New research by Common Sense shows a major spike in mobile media use and device ownership by kids 8 years old and younger.



The new research shows that children 8 and younger spent about 15 minutes a day staring at a mobile screen in 2013 and now spend 48 minutes a day. Ninety-five percent of families with children ages 0-8 now have a smartphone and 78 percent have a tablet. These numbers have drastically increased since 2013, when only 63 percent of families had a smartphone and 40 percent had a tablet.

According to parents, nearly half (49 percent) of children age 8 or under often or sometimes watch TV or play video games in the hour before bedtime, against the recommendations of pediatricians. Also on the rise are the number of “smart” toys for kids: About one in 10 kids age 8 and under has their own “smart” toy that connects to the internet.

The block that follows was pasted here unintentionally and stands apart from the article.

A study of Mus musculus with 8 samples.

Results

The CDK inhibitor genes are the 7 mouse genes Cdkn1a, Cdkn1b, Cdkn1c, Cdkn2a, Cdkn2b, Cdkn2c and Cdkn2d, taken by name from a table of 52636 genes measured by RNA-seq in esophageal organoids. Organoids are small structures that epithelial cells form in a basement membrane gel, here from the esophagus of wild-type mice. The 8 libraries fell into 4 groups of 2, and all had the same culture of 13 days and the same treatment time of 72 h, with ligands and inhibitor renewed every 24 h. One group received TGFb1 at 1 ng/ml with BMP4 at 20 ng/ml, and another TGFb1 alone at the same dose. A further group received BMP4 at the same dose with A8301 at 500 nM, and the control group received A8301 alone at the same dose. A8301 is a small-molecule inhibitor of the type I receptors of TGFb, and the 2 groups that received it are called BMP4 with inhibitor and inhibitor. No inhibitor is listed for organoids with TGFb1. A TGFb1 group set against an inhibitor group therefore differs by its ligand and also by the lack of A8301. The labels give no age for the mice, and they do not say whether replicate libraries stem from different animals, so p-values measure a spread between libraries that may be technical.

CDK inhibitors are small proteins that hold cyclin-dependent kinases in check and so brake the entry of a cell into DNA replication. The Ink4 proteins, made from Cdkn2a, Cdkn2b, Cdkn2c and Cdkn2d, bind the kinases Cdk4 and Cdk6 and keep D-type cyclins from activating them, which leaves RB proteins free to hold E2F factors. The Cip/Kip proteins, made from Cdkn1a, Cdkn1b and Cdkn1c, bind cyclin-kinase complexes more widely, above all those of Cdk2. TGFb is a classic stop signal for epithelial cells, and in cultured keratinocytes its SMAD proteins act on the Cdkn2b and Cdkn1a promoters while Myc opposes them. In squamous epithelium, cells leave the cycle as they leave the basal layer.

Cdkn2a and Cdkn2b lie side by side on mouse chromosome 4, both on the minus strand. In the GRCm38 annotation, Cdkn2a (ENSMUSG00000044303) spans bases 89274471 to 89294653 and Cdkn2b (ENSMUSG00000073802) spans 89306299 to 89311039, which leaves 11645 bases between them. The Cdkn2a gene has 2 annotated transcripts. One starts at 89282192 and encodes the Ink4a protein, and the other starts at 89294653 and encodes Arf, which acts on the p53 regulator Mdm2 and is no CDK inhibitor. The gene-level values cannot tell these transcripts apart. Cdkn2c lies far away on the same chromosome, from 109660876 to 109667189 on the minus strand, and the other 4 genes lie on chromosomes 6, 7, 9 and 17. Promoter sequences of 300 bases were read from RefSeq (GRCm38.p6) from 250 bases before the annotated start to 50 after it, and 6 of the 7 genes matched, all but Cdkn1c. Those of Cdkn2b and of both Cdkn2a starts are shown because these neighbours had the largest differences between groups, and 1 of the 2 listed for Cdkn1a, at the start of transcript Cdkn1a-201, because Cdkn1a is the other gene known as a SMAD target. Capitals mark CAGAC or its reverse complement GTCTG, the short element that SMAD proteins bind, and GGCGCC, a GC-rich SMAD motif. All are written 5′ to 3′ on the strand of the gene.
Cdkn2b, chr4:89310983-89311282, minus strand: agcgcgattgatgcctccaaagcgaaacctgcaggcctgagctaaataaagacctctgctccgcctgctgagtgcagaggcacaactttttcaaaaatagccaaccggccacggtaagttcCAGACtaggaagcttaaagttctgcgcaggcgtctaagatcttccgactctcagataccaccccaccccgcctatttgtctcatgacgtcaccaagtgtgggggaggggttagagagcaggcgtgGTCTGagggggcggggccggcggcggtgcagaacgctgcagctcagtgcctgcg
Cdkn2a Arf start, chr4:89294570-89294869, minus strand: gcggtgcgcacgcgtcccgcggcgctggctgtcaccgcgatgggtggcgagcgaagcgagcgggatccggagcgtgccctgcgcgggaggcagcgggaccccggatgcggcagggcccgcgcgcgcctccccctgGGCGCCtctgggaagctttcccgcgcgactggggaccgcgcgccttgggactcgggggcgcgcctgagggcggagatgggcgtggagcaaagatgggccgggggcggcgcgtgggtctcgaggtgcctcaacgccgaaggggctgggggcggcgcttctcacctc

And it’s not just access to devices that has increased. Families with young children are now more likely to have a subscription video service (like Netflix or Hulu), at 72 percent, than they are to have a cable TV subscription, at 65 percent.

The findings come from The Common Sense Census: Media Use by Kids Age Zero to Eight, which is based on a survey of 1,454 parents of children age 8 or under. What’s a parent to do, especially when you feel like you’re always connected to your own device? Common Sense advocates making family dinners a priority, and making sure you put the devices away before you sit down at the table.

The organization has launched a series of PSAs featuring actor Will Ferrell for the #DeviceFreeDinner campaign. Go to Common Sense Media to watch some of the powerful PSAs with your kids.